Surrey residents are more likely than those living in other parts of the UK to change their lifestyle behaviours to help save the environment. A survey by Modular Classrooms recently revealed that 60% of people in Surrey say they are prepared to make significant lifestyle changes from eating less meat to using their cars less. With that in mind, here are five ways to make your home more eco-friendly.

How to make your home more eco-friendly

Surrey residents are more likely than those living in other parts of the UK to change their lifestyle behaviours to help save the environment. A survey by Modular Classrooms recently revealed that 60% of people in Surrey say they are prepared to make significant lifestyle changes from eating less meat to using their cars less. With that in mind, here are five ways to make your home more eco-friendly. 

 

Get a smart meter 

Keep an eye on your energy use with a Smart Meter. Most energy providers install them free of charge and watching the pennies go up on the gauge will soon make you more efficient at turning things off when they’re not in use or dropping the heating down a degree or two.  

 

Insulate

The best way to instantly improve your home’s energy-efficiency status is to check your roof, walls and floors are properly insulated – combined, they can account for a huge amount of heat loss, and thus higher bills to pay. Equally, draughts are common culprits for this, so fit excluders around doors, windows and letterboxes. Consider covering any exposed hardwood floors with large area rugs to prevent air from slipping out through the cracks in your floors.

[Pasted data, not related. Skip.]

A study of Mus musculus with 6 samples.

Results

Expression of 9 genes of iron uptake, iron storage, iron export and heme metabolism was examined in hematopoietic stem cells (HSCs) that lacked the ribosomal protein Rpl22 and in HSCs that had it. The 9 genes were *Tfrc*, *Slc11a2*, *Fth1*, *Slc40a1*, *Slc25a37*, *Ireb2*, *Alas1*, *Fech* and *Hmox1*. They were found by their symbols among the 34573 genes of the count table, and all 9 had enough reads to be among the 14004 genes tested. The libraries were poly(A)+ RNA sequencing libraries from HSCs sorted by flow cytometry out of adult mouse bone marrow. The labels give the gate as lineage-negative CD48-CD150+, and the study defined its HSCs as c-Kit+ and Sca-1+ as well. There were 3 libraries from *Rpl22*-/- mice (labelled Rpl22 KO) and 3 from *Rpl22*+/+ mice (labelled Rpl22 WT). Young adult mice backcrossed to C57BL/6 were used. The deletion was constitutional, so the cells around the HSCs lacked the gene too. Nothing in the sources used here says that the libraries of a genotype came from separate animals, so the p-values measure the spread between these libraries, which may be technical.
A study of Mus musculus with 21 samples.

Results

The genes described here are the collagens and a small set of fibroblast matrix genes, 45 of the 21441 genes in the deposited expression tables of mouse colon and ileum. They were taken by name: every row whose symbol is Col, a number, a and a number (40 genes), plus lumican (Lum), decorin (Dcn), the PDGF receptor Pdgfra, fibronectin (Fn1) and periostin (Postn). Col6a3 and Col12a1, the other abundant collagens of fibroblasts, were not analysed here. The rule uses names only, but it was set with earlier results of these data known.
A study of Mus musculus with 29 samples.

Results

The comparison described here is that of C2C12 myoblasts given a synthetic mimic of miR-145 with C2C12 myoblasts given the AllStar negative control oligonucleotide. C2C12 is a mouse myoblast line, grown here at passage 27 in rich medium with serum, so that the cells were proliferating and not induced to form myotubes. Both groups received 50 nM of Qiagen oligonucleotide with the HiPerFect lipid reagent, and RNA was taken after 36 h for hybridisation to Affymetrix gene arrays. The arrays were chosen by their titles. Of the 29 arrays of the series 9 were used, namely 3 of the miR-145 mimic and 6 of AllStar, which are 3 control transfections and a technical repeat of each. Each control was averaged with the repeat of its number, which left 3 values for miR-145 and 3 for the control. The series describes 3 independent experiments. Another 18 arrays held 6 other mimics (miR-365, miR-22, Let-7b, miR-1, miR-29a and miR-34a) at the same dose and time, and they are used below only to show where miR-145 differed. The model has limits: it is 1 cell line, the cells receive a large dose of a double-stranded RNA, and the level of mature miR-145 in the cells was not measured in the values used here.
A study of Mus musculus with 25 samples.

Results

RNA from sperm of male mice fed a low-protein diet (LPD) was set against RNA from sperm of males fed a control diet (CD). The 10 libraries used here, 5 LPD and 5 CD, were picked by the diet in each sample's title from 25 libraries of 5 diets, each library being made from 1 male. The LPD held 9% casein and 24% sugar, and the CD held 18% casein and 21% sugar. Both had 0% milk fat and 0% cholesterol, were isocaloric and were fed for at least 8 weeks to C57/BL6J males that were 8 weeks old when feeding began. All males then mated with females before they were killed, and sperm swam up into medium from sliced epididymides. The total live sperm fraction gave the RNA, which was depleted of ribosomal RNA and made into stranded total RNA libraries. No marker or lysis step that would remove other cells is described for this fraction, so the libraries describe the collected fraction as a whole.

Go natural

Did you know mainstream household cleaning products are packed with nasty gases? Switch to eco-friendly brands or try natural products such as vinegar, citric fruit acid and bicarbonate of soda, which are very effective at getting rid of grime. Air fresheners (aerosols in particular) are especially harmful to the atmosphere, so try a natural spray alternative. 

 

Buy a house plant

Studies have found that having a leafy plant in your house can help absorb harmful volatile organic compounds, one of the main categories of pollutant gases. The most effective plant for this is the bromeliad, which is said to remove over 80 percent of nasties in the air. What’s more, this pretty plant will help to brighten up your home. 

 

Install solar panels

Solar panels aren’t cheap, so consider this as a long-term investment – depending on where you live, it could take up to 20 years to break even. However, the money you’ll save on energy bills is well worth the investment (sometimes they’ll make enough to allow you to sell some back to the grid) and that’s not to mention the good you’ll be doing for the environment.